Florence: The Heart of the Central Oregon Coast

Florence, Oregon is built around the last bend of the Suislaw River and just before the South Jetty pokes out into the Pacific Ocean. Numerous rivers, lakes and tributaries draw paddlers, anglers, and surfers to this mid-sized city on the southern edge of the Central Oregon Coast.

Florence has two distinct parts of town, a historic district along the waterfront and a newer, more commercial, row of restaurants and businesses running along both sides of Highway 101.

Historic “Old Town” Florence is a lovely place to dine and shop in many of the galleries and gift shops. Warmer weather brings farmers and artists out to stalls in the market located near the marina and riverfront boardwalk.

While Highway 101 features many modern-day conveniences for shopping and entertainment, you can still expect a peppering of glass blowing studios, salt-water taffy and ice cream parlors, and the occasional rock and souvenir shop. We like Florence because you can cover a bunch of different territory over the course of a full day.

Begin with history. Start at the Suislaw Pioneer Museum, built into a historic 1905 schoolhouse, and learn about the region’s early settlers, loggers, and fisherman. Then head over to the 140-foot tall Suislaw River Bridge to admire the double-leaf bascule design and the four Art Deco-style obelisks that house mechanical equipment.

Port of Florence

Transition to adventure. Florence, Oregon is the birthplace of sandboarding; ten different key sandboarding locations are located within ten miles of Florence, including the Oregon Dunes National Recreation Area, a 40-mile stretch of sand dunes between Florence and Reedsport. If you have kids, strongly consider Jessie Honeyman Memorial State Park, as it features picnic and swimming areas, and access to canoe or kayak the pristine Cleawox and Woahink lakes.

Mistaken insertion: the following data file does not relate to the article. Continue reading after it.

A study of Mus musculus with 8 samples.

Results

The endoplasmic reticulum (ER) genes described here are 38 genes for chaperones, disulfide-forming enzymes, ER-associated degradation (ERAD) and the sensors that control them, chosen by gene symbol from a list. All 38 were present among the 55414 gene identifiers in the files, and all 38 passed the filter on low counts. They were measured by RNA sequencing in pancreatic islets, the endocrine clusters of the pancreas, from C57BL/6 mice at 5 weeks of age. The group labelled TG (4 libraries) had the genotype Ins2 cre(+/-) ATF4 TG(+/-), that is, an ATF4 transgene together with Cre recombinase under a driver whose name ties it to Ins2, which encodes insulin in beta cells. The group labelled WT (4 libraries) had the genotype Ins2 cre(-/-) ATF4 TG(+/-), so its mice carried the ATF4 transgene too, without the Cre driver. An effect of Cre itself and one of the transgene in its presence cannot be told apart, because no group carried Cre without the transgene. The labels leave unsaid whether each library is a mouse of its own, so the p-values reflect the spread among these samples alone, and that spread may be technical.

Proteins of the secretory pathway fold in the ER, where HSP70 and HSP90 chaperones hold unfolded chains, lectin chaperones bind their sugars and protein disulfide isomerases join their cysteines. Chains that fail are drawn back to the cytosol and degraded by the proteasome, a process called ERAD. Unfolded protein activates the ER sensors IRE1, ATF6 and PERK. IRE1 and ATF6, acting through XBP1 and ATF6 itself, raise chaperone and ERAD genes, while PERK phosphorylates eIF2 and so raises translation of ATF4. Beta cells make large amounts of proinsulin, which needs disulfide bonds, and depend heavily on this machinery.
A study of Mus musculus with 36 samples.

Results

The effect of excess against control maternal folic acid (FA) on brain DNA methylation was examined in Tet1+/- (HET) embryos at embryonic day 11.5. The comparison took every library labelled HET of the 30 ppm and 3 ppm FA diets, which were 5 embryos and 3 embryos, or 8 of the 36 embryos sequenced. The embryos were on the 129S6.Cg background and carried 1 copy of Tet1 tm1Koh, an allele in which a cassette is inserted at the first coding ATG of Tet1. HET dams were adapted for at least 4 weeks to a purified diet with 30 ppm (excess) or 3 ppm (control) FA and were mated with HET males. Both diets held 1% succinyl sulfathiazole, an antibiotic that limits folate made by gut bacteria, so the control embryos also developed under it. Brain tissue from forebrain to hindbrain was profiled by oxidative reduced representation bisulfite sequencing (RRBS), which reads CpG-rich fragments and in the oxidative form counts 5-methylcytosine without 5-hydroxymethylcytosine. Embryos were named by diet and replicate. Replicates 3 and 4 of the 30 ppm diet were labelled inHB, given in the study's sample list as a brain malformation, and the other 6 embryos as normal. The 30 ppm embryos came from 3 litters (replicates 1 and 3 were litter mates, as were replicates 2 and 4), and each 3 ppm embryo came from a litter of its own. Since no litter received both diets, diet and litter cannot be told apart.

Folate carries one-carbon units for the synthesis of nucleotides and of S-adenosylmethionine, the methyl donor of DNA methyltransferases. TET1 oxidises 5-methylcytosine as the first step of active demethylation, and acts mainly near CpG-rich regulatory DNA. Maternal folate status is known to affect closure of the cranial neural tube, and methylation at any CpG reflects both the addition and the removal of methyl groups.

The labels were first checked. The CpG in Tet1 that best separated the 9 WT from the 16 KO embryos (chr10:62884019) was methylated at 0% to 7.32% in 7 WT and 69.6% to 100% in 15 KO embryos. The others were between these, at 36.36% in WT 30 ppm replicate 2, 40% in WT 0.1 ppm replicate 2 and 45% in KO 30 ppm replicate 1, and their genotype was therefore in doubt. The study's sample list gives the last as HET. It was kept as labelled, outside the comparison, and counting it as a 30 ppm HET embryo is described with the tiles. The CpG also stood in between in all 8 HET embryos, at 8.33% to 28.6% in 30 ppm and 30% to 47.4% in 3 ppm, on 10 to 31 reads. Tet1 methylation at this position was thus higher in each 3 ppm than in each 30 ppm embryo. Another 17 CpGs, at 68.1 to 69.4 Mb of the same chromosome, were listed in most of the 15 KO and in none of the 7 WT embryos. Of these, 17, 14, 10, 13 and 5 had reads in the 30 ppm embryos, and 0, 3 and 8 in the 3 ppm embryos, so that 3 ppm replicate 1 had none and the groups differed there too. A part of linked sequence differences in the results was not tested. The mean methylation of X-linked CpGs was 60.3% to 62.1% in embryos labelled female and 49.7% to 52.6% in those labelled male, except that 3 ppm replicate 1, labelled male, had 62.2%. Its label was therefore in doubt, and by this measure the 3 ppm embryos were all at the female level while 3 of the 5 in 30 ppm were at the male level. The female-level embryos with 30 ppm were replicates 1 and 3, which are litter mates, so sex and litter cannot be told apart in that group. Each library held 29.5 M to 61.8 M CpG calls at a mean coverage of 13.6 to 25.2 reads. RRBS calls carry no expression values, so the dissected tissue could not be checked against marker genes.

Buggy on the Oregon Dunes

If you need to rent sandboarding equipment, head to Sand Master Park, a 40-acre privately owned expanse of sand dunes between Highway 101 and Harbor Vista County Park on the Oregon coast. Sand Master Park also offers dune buggy rides and free sand sculpture competitions that run throughout the summer months.

Now relax. Grab a picnic basket and head down to Driftwood Shores at Harbor Vista County Park. Kids will loveflying kites, watching the surfers, exploring the tide pools, hunting for seashells and sand dollars, and exploring the many driftwood creations built by man and nature.

Driftwood Shores in Florence, Oregon

About the Author

Julie Henning
Julie Henning is a freelance writer and journalist based out of Eugene, Oregon. She is a member of the Society of American Travel Writers and owner of the family-travel website RoadTripsForFamilies.com. She is a recent past member of the Midwest Travel Writers Association and the Association for Great Lakes Outdoor Writers. Julie is the Oregon Coast destination specialist for Bindu Media, an itinerary-focused website launching in Spring 2016 and featuring the work of 200+ professional, indie travel writers. Julie has been published in the Milwaukee Journal Sentinel, the Wisconsin State Journal, The Daily Journal (Kankakee, Illinois), the Rochester Post Bulletin, Wisconsin Natural Resources (DNR) Magazine, Sustainable Chicago Magazine, Group Tour Magazine, Student Group Tour Magazine, Silent Sports Magazine, Intercom Magazine, Roadtrippers.com, and FTF Geocacher Magazine. Julie has appeared on Wisconsin Public Radio, Ohio Public Radio, and KCBX FM Central Coast Radio and is an affiliate producer with the Journeys of Discovery with Tom Wilmer, a National Public Radio travel podcast. She has blogged for TravelWisconsin.com, Travel Oregon, and VISIT Milwaukee. Julie travels with her three kids and black lab as much as possible and lives by the motto, "Not all who wander are lost." Check out some of her best work at www.juliehenning.com.